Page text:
Having high academic credentials and transforming them into music can be both a blessing and a curse. The artist in question can come up with some high brow, impenetrable music, or he can turn all that knowledge into something quite fascinating, allowing the listener to peel back the layers within the music with every listen.
Jake Xerxes Fussell has such credentials – he earned a master’s degree from the Center for the Study of Southern Culture in Oxford, Mississippi and his obvious source of interest in music originated in the South: blues, folk, and all sorts of root music.
Yet, instead of just being a good student whose sole purpose is to replicate sounds, Fussel seems to be on a path to assimilate those sounds and then come up with his vision and view of them.
Good and Green Again, his fourth album, shows that he doesn’t only know those sounds of the South well, but he has the capabilities, both as a songwriter, interpreter, guitarist, and singer, to transform them into something quite personal, yet holding a firm connection to the origins of those sounds.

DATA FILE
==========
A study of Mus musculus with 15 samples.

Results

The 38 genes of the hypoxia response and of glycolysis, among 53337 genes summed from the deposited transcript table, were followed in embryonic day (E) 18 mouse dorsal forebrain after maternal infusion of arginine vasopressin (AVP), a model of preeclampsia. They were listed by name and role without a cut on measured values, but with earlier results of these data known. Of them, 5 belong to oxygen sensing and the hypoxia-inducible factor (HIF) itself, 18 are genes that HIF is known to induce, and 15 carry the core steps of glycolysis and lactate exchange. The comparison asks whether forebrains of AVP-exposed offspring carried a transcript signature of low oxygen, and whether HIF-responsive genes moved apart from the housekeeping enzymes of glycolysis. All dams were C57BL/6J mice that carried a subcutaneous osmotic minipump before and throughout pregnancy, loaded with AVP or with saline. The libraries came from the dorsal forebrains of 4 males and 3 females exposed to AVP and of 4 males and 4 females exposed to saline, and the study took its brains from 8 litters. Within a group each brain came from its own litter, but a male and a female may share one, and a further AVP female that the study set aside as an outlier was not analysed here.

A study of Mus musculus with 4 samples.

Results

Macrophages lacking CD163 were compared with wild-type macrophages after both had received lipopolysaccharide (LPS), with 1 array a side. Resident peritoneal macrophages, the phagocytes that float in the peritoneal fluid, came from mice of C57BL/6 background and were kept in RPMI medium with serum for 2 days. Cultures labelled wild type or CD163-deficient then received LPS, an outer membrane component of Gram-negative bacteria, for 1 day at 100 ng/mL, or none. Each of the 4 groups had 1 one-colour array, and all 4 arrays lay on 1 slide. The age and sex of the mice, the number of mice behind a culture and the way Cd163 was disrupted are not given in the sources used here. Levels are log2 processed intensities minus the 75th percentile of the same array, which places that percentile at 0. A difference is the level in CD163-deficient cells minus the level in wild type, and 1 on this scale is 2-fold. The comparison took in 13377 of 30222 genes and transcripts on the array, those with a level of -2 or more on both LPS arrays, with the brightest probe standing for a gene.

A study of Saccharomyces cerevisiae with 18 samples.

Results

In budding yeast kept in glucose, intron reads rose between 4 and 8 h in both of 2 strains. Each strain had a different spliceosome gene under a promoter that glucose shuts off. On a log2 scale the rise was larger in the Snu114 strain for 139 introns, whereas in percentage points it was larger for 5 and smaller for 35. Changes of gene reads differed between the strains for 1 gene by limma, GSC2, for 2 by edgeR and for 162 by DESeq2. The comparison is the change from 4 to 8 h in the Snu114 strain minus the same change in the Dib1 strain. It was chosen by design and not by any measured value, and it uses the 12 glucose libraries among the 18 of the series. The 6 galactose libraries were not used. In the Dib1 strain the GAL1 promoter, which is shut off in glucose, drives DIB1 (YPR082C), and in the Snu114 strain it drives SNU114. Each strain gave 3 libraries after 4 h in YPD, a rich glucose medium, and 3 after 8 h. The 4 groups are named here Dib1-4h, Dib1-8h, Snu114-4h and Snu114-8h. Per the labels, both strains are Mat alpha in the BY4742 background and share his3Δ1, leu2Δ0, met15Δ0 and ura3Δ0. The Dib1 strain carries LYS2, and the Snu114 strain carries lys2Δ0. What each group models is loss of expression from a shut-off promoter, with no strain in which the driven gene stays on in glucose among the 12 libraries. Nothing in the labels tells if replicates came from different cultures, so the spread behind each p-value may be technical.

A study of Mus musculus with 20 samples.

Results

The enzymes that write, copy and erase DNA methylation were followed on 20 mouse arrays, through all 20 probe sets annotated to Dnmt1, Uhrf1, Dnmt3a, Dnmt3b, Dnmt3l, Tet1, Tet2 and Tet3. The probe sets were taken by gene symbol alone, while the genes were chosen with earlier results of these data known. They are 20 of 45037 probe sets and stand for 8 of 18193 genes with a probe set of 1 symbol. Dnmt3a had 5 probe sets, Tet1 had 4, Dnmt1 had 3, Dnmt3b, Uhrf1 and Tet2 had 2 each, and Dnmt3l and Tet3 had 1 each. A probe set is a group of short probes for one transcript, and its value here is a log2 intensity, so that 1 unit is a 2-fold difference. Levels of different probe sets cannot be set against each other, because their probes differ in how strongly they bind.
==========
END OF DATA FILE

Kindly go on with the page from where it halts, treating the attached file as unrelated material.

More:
Essentially, Fussell is able to bring those centuries-old sounds into our modern times without cutting the umbilical cord that connects them. While Fussell continues to re-interpret traditional material, this time around he also presents his own compositions, and it is often hard to distinguish the interpretations from original material, as he is able to infuse his personality and combine it with tradition.
The music he presents on Good and Green Again is both good (actually excellent) and green. Both again and for the first time.